Why Change the Course Schedule?
As a community, we set a bold goal of 19 out of 20 students graduating. This is no small task, given that graduating is not getting easier, and in fact, new state graduation requirements make it tougher.
But we have the opportunity to set up a system that gives our students every chance of meeting these new requirements and does a better job of preparing them for the future they choose.
The high school course schedule we have today leaves students with no second chances if they fail even one class and gives them very narrow learning opportunities outside core academic requirements.
A committee of teachers, parents and district leaders looked at adding credit-earning opportunities outside our current six-period day. That works for some students, but not all. We need a system that serves every student.
After two years of study and feedback from staff and families, we have decided to move to a five-period trimester system, starting in fall 2020. This schedule is similar to many college schedules. There are fewer weeks in a term, but class periods are longer and students have fewer courses per term.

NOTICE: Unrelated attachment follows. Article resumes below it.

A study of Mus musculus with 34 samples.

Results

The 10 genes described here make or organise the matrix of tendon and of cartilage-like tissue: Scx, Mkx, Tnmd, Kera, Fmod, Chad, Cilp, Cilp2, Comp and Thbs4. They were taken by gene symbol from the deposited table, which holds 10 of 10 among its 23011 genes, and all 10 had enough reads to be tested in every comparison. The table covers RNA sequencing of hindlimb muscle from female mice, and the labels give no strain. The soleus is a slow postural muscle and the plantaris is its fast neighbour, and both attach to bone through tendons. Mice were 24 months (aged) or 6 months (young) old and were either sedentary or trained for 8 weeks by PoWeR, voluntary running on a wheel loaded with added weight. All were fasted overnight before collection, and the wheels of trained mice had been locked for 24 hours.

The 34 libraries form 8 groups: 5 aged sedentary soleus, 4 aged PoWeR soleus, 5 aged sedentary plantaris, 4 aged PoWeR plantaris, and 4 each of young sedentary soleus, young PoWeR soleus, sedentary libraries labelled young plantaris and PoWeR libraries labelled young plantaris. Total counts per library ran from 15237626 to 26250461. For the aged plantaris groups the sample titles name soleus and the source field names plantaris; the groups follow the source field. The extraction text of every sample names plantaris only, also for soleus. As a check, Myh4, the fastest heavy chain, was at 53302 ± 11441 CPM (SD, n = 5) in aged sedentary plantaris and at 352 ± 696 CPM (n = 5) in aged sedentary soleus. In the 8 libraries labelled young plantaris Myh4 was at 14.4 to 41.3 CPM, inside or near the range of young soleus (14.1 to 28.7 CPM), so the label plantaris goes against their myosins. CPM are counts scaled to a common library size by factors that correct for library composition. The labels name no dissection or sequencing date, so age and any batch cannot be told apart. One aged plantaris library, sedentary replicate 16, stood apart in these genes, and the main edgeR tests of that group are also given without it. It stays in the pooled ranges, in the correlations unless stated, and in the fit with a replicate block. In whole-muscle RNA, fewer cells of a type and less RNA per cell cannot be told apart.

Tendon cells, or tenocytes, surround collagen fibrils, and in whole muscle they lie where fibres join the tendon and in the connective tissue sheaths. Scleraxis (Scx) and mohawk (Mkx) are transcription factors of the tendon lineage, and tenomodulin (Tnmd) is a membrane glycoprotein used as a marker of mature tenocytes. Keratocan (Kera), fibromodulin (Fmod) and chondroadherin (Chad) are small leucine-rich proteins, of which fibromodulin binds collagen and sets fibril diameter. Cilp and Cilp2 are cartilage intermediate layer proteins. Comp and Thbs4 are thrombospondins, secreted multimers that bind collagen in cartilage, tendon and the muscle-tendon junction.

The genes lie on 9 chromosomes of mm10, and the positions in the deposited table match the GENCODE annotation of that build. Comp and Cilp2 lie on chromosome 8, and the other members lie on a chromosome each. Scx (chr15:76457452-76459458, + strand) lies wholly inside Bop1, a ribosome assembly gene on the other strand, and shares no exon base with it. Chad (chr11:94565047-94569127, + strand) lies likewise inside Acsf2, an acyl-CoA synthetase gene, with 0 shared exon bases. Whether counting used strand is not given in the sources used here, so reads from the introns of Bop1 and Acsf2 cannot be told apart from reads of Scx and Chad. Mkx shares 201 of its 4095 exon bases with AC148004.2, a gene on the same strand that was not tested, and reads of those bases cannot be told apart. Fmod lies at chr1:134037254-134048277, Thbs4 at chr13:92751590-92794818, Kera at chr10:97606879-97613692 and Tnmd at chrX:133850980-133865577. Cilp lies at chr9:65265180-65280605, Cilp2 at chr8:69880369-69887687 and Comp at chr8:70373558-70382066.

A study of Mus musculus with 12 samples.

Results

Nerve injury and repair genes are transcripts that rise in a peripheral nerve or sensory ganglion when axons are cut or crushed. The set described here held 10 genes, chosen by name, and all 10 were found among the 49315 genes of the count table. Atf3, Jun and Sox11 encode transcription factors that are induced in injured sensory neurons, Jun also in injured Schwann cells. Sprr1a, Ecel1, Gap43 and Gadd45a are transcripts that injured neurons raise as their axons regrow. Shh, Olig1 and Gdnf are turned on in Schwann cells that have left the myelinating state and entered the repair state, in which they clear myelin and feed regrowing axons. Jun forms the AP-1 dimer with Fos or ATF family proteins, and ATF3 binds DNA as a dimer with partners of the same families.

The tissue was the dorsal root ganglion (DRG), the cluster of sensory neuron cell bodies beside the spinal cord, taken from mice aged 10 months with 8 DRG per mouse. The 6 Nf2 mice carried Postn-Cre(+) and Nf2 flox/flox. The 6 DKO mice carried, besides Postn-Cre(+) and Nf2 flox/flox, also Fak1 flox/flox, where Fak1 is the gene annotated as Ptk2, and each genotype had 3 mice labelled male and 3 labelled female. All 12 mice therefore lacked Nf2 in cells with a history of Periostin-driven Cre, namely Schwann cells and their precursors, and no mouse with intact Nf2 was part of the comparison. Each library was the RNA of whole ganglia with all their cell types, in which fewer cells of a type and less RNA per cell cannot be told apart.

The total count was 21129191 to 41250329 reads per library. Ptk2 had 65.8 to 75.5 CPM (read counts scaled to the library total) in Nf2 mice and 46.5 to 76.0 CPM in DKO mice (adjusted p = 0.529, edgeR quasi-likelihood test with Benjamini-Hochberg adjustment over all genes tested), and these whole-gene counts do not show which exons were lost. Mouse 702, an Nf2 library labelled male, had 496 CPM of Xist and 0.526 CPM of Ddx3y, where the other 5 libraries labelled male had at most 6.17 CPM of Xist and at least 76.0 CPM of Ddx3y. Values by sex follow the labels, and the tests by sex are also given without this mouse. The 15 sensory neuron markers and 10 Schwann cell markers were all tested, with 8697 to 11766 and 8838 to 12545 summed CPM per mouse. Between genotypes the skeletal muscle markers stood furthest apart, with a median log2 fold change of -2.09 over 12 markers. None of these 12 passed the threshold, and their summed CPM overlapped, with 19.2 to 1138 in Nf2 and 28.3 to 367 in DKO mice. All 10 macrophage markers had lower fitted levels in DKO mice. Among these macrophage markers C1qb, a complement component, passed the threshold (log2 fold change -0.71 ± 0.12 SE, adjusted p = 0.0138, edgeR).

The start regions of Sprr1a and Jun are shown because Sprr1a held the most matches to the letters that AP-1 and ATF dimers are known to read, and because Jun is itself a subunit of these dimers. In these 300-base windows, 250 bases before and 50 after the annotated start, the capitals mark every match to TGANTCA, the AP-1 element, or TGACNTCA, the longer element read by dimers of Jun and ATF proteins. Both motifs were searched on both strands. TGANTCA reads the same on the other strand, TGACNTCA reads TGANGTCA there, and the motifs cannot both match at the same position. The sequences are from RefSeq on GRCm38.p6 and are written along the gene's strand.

This will require significant changes to the way we teach in order to cover the required material in shorter terms. Our teachers will need to adapt lesson plans and teaching strategies. We will provide the professional development, time and support teachers need to get prepared by fall 2020.
The five-period trimester system has its challenges; but it also presents a significant opportunity our students do not have in our current semester system. And the costs of not changing are significant: fewer students will graduate on time, and no students will have access to a broader array of course options.
Our students are smart and capable, and they will adapt to the new system. I am confident our teachers and staff will adapt, too. We owe it to our students to provide every opportunity to graduate prepared for the future they choose.